I guess I'd say that Google doesn't really seem like a monolith, so I wouldn't want to paint them with to broad a brush. But yeah, your sentiment is more or less what I'm thinking.
I can't help but treat the relationship as a complicated one. There seem to be other tech giants with more clearly parasitic positions. (Or maybe not).
There's no doubt that Google has done a lot of positive things for the net. They definitely have divisions which do more good than harm.
Though think about their overall position regarding their users: we are their product, and they treat us as such. Consider a few dominant things that they could easily change if they were inclined to support users:
Perhaps much of this is political, and you may disagree with the issues. It nonetheless paints a picture of people being treated as a commodity rather than as valued partners.
Even if you ignore this aspect, from a business standpoint, the company has simply grown too large. They have more control than Microsoft did when the world was against them. It could be argued they have even more control than Standard Oil did when the US wrote new laws to deal with it.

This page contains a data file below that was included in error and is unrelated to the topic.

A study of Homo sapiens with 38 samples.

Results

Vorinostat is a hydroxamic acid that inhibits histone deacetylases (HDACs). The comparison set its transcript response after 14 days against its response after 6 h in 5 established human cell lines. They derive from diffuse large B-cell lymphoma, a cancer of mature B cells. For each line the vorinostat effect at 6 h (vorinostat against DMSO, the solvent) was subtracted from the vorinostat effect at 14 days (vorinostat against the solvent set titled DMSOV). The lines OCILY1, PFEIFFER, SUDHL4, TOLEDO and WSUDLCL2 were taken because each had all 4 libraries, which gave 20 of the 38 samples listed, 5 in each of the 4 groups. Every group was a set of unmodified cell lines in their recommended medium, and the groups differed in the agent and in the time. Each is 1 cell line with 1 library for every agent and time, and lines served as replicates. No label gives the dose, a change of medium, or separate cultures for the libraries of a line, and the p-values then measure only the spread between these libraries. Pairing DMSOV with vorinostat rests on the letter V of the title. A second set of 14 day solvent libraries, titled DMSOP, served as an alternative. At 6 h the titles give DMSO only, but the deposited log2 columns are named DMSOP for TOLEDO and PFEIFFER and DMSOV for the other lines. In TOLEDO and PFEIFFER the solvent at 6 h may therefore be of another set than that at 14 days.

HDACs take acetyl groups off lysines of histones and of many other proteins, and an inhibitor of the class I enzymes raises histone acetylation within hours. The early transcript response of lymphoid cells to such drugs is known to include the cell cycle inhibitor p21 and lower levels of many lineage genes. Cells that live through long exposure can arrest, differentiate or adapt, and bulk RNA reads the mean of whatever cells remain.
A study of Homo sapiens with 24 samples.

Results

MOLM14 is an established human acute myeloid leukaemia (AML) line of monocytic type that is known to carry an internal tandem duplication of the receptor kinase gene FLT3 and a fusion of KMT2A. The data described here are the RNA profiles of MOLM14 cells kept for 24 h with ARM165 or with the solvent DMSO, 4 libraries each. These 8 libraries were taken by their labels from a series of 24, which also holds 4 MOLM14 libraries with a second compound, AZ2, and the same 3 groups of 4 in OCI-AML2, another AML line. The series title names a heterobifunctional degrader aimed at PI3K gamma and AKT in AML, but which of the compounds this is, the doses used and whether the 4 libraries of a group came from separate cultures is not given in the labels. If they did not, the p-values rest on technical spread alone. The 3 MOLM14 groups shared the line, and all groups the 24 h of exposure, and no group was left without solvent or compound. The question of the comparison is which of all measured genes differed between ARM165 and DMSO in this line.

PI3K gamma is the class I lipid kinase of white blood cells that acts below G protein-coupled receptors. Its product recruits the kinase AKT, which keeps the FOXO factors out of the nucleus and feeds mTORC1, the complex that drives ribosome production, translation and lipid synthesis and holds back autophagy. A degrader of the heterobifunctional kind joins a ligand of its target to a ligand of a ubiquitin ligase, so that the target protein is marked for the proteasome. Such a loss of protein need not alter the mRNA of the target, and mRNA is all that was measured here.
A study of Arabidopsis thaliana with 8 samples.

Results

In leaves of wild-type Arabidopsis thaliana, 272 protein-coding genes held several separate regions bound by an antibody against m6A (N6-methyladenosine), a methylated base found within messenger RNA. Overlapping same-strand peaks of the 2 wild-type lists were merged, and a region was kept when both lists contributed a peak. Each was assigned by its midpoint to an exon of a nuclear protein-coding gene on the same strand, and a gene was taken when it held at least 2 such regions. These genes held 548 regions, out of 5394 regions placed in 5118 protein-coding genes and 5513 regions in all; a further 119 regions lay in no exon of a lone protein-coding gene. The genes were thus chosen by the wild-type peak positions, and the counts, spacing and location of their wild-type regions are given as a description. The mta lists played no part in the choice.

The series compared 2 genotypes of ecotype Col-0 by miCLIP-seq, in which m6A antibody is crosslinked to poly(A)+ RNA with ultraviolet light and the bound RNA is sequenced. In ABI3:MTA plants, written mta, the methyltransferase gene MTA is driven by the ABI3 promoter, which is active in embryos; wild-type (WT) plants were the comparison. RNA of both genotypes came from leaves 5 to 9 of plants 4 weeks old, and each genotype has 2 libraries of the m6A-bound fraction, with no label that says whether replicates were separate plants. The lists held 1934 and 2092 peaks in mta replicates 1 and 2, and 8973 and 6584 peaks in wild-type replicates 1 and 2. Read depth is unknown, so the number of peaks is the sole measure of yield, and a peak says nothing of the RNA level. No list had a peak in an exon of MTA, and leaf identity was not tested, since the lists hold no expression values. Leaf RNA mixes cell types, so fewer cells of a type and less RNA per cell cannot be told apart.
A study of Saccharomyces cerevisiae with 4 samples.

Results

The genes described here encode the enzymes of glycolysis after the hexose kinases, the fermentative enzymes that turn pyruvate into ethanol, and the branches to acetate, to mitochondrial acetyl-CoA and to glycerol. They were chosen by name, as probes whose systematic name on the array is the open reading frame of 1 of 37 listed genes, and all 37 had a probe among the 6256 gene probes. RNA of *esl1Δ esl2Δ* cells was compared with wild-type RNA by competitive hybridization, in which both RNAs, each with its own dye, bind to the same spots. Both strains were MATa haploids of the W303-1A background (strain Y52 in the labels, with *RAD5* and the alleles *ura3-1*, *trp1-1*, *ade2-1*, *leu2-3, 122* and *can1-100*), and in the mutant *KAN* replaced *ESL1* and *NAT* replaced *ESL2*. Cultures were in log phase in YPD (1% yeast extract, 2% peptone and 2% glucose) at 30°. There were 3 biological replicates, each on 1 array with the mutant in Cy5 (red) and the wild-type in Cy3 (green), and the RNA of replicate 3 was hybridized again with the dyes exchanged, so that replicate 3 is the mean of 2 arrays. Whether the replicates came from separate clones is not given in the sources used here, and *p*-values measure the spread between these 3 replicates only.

" ... they have no problem with supporting censorship in China ..."
Care to elaborate on that?
The history has it's own Wikipedia page
"Google argued that it could play a role more useful to the cause of free speech by participating in China's IT industry than by refusing to comply and being denied admission to the mainland Chinese market. "While removing search results is inconsistent with Google's mission, providing no information (or a heavily degraded user experience that amounts to no information) is more inconsistent with our mission," a statement said.
A US PBS analysis reported clear differences between results returned for controversial keywords by the censored and uncensored search engines. Google set up computer systems inside China that try to access Web sites outside the country. If a site is inaccessible (e.g., because of the Golden Shield Project), then it was added to Google China's blacklist.
In June 2006 Google co-founder Sergey Brin was quoted as saying that virtually all of Google's customers in China were using the non-censored version of their website."
-- source: your wiki link
-- It seems that most of the flak google china got was from Americans that had a problem with google trying to cooperate with the Chinese government... But in all honesty after reading the whole wiki article, it seems the Chinese government is censoring things, not google. Who knew?